It is with deep sadness that we announce the passing of Dr. Frank H. Blackington, III, President of the University of Pittsburgh at Johnstown from 1974 to 1993. Dr. Blackington passed away June 19 in Duxbury, Mass.
Dr. Blackington served as third President of Pitt-Johnstown for nearly 20 years, a period during which the campus experienced significant growth. During his administration, Pitt-Johnstown transitioned from a small commuter college to one that was increasingly residential through the addition of nine residence facilities. He also oversaw the construction of the Zamias Aquatic Center, new athletics fields, the Sports Center, the Pasquerilla Performing Arts Center, the Physical Plant building, Whalley Chapel, and Living-Learning Center, and the expansion of the Student Union. Baccalaureate degree programs established during his tenure include secondary education programs in biology, chemistry, Earth and space science, and general science; geology; chemistry; computer science; geography; and business economics. An associate's degree in respiratory therapy was also established, as were certificate programs in business and international studies. Dr. Blackington's tenure also saw the introduction of women's intercollegiate athletics, acceptance as the first regional campus into the National Collegiate Athletic Association, establishment of the President's Scholars Program, and the first "computerization" of the campus.
During his time at Pitt-Johnstown, Dr. Blackington was actively involved in the community, serving on several local boards, and was a champion for the economic development of our region. He oversaw the successful "Shaping a Future" capital campaign that raised more than $16 million, sponsored six major symposia for the campus and community, established the Center for Technological Training of the Unemployed (CENTECH), the John P. and Joyce Murtha Center for Continuing Education and Professional Development, and was instrumental in the creation of the National Center for Excellence in Metalworking Technology, which evolved into today's Concurrent Technologies Corporation. Additionally, Pitt-Johnstown became a Regional Computer Resource Center.
Following the devastating flood of 1977, Dr. Blackington opened the campus to evacuees and relief workers. More than 400 community members were provided with temporary housing in the campus' residential facilities, and an additional 540 volunteers and workers from relief organizations were provided with accommodations.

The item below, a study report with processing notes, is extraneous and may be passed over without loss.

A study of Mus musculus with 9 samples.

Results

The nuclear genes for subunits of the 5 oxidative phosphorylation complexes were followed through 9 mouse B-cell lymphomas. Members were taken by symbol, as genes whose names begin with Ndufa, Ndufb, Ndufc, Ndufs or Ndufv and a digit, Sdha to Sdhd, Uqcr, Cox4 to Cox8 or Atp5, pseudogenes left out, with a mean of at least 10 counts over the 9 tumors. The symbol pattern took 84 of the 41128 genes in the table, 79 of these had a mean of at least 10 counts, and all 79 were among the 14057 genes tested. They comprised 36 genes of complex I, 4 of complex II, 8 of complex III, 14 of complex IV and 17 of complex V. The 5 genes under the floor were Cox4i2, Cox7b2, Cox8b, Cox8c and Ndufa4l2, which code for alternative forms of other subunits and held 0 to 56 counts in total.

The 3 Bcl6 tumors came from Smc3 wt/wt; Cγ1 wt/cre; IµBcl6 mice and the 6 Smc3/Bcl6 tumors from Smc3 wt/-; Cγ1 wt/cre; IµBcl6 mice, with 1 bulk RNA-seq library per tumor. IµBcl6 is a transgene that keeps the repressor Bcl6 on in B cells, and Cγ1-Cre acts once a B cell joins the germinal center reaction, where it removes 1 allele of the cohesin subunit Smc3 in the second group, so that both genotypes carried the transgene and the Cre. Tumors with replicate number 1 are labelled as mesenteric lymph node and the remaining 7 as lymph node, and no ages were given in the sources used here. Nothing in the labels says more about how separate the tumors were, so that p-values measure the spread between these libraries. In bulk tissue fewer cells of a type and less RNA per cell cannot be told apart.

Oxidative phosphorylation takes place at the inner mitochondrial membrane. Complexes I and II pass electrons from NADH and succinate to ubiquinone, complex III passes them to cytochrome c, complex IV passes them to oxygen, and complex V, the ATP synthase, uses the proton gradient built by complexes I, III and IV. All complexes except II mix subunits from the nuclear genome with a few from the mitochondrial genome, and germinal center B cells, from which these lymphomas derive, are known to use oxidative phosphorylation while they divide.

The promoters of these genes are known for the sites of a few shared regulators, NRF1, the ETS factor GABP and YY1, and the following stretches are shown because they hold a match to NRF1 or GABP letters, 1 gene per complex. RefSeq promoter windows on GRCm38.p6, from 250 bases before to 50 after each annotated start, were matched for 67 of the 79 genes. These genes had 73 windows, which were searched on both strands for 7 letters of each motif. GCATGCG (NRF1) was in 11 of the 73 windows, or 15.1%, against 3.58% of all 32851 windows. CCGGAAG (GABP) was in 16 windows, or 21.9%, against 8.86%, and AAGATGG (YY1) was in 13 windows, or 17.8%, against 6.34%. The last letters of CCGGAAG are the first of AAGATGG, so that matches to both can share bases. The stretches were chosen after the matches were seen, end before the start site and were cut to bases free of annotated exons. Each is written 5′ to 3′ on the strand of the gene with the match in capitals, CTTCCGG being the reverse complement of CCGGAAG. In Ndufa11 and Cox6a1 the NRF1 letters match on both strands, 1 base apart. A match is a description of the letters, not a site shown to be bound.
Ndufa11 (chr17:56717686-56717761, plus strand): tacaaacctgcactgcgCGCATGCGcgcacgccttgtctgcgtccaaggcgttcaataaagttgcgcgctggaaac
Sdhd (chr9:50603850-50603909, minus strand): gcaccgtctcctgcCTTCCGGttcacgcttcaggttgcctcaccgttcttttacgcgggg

At the time of his retirement, when asked to reflect on his accomplishments, Dr. Blackington modestly commented, "All I did was my job. Then I remind myself that it is important for people to have the opportunity to say this is a job eminently worth doing and I look at it as a celebration of the enterprise rather than the individual."
Following his retirement from Pitt-Johnstown, Dr. Blackington and his wife Rosella relocated to Duxbury, where he continued to remain active in his community. He served on the board of directors for the Sandwich Glass Museum and was as a member of the Snug Harbor Community Chorus and the Pilgrim Church of Duxbury Choir.
A native of Keene, New Hampshire, Dr. Blackington earned his bachelor's degree in education at Keene State College, his master's degree in education from Boston University, and his PhD in education from Michigan State University. He served in the US Army from 1951 to 1953, during the Korean Conflict, and held the rank of sergeant major.
After completing military service, he briefly served as director of publicity at Keene State, and then was appointed head of the social studies department of Peterborough High School in New Hampshire. He also held appointments as head of the social studies department and assistant principal at Marshfield High School in Massachusetts. Upon earning his PhD in 1960, he joined the faculty of Michigan State University where he remained until accepting the Presidency of Pitt-Johnstown.
Pitt-Johnstown President Dr. Jem Spectar offered, "The University is grateful for the excellent service of Dr. Blackington and for the enormous contribution he made to enhancing the quality and impact of Pitt-Johnstown and strengthening links between our University and the greater Johnstown community. Our campus, our community, and our world are a better place because of the service of Dr. Blackington. Our hearts go out to his family."
Dr. Blackington is survived by his wife of 53 years, Rosella; his daughter Deborah Blackington of Duxbury; his son Bradley Blackington and his wife Stephanie of Carmel, Ind.; and his grandchildren Courtney, Tyler, Brynne, and Grace Blackington.
A Funeral Service will be held on Saturday in Duxbury. Interment will be in the Mayflower Cemetery, Duxbury. The family suggests that contributions in Dr. Blackington’s memory may be made to the “Frank Blackington Memorial Fund” for the Pilgrim Church of Duxbury Choir, P.O. Box 186, Duxbury, MA, 02331, or to Snug Harbor Community Chorus, P.O. Box 945, Duxbury, MA. 02331.
Celebrating its 85th anniversary this year, Pitt-Johnstown is located in the Laurel Highlands of Western Pennsylvania and is the first and largest regional campus of the University of Pittsburgh. The University offers a high-quality educational experience in a supportive living-learning environment designed to prepare students for the real world of the 21st century. Pitt-Johnstown is recognized by the Princeton Review as a “Best Northeastern College,” by G.I. Jobs as a “Military Friendly School,” and Pennsylvania Business Central as a "Top 100 Organization" for 2011. Additionally, Pitt-Johnstown has been named to the President’s Higher Education Community Service Honor Roll.